It’s amazing how many people are convinced that the world is going to end in their lifetimes….if not in the next year. Many Christians are convinced that Jesus will return any day (and he was indeed very clear that we should live our lives expecting as much).

But the fear and fervor surrounding the end of the world extend well beyond followers of Jesus simply longing for his return. There is a deep fascination amongst many religious people with being able to figure out the exact time the world will end. But also among some non-religious people, there is a definitive belief that climate change, starvation, disease, or nuclear war will annihilate the human race sooner rather than later.

To put it simply, we do not live in an optimistic age.

Gaining Perspective from History

Apocalyptic fever is something that is not new to western culture. Consider some events in history that caused people to definitively predict that the world was about to come to an end.

  • 9/11 led many people to predict the end of the world.
  • Saddam Hussein had people convinced that he was the anti-Christ.
  • Edgar Whisenant convinced millions with his book “88 Reason Why the Rapture will take place in 1988.
  • The Cuban Missile brought the reality of nuclear annihilation to the forefront.
  • World Wars 1 and 2 shattered the dreams of global peace.
  • Napoleon was seen as an unstoppable force.
  • British colonists viewed catholic Quebec as an outpost of the anti-Christ in their own backyard. This was a driving force leading to the American Revolution.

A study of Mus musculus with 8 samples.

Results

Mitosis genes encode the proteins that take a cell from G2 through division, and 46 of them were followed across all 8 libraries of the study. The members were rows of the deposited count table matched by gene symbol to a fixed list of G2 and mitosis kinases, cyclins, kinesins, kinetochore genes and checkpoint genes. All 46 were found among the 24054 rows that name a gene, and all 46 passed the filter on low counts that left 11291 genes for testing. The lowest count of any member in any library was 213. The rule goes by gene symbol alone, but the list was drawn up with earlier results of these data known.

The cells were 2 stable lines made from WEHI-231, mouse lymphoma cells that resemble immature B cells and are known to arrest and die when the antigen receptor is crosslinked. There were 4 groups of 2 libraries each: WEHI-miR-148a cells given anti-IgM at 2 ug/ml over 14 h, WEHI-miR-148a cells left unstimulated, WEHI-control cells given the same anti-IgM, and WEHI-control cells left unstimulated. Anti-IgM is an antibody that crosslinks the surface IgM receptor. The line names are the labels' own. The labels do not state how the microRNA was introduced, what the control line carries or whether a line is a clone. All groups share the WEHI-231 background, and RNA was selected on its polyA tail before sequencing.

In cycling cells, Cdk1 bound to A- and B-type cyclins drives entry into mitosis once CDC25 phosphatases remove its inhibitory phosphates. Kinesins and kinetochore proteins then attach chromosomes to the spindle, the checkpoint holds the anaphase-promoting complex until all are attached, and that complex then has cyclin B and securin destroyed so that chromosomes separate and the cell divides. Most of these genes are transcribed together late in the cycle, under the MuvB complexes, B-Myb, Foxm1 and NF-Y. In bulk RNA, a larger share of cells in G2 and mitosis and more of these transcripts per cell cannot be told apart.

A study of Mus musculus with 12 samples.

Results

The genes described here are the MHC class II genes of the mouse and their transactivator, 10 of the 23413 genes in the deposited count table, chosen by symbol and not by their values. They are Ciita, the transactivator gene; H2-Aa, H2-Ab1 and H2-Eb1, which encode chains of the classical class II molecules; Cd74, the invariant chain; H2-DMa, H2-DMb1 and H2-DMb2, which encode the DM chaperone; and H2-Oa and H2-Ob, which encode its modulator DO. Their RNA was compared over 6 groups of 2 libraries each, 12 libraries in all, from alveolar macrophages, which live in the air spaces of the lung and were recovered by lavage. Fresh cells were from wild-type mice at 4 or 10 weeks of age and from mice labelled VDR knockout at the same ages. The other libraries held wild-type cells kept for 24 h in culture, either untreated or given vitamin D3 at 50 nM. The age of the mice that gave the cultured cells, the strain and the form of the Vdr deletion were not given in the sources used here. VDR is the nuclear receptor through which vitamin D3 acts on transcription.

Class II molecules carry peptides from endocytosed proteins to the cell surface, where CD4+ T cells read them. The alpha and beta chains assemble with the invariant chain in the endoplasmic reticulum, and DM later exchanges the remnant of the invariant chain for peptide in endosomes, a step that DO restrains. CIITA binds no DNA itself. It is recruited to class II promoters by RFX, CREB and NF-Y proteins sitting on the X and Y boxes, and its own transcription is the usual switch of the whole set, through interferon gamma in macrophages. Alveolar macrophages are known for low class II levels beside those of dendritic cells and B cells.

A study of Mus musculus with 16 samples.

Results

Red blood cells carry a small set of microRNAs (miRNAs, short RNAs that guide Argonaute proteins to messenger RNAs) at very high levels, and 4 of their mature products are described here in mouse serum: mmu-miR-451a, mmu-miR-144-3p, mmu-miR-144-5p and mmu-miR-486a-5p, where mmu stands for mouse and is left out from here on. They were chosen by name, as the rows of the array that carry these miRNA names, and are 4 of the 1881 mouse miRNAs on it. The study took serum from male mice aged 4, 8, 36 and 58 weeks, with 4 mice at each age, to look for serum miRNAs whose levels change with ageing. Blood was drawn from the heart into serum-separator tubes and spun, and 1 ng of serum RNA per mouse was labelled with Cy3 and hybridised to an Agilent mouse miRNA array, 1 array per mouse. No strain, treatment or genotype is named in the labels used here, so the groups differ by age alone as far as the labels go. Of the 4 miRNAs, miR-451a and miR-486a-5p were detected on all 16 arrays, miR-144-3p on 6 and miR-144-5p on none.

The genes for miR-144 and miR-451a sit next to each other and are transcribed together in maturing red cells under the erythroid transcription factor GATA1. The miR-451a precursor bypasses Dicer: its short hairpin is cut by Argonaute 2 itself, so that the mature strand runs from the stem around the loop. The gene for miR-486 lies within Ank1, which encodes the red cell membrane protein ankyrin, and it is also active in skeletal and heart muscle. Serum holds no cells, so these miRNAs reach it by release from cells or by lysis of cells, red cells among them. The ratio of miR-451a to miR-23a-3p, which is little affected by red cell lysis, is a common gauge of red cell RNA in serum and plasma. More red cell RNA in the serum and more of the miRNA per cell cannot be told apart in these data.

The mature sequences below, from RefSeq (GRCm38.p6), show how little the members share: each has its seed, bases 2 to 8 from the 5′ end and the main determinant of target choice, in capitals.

• The chaos of the English Civil War led people to declare “the world was turned upside down.
  • The fall of Constantinople in 1453 led many to believe that Islam would dominate Europe. 
  • The Black Death eliminated half the population in the mid-1300s.
  • Invasions by pagan Danes, Saxons, Wends, Magyars, etc. were all seen as precursors to Jesus returning around 1000 AD. This only ended when each of those people groups became Christians themselves.
  • The sackings and invasions of the Roman Empire by the Goths, Franks, Huns, Lombards, etc. led many to predict the end of the Christian era before 500 AD.

Look for Patterns

I hope you see a pattern. Cataclysmic events are predicted. Cataclysmic events happen. People are convinced that the end of the world is near. The world, the church, and the Gospel continue to survive and thrive.

Jesus had a very specific message of coming judgment and destruction on Jerusalem. His predictions came true in the events around 70 AD. But Jesus’ purpose in telling us these things is to give his followers a game plan as to how we should respond when earth-shattering things occur in the world. After all, the curse of sin in the world implies that tribulation will be a theme until the return of Jesus.

A Different Response

Jesus had a very different way for his followers to react. If there were ever a counter-cultural message to the hysteria that grips our world and country today, it would be the words of Jesus to his disciples from Mark 13:1-23.

Discussion Questions

  • Where do you see “apocalypse fever” gripping our world?
  • Do humans tend to underreact or overreact to earth-shattering events?
  • What is the significance that Jesus issues the teaching in Mark 13:5-23 privately to his disciples?
  • How should a Christian’s reaction to tribulation be different from the world’s?
  • What is the mission of the church in the midst of tribulation (vv. 9-13)?
  • Why do you think Jesus is warning his disciples about things yet to come?
  • Is there anything in this text that surprises you?
  • What are some practical steps you can take to avoid being led away by “false christs” (vv. 22-23)?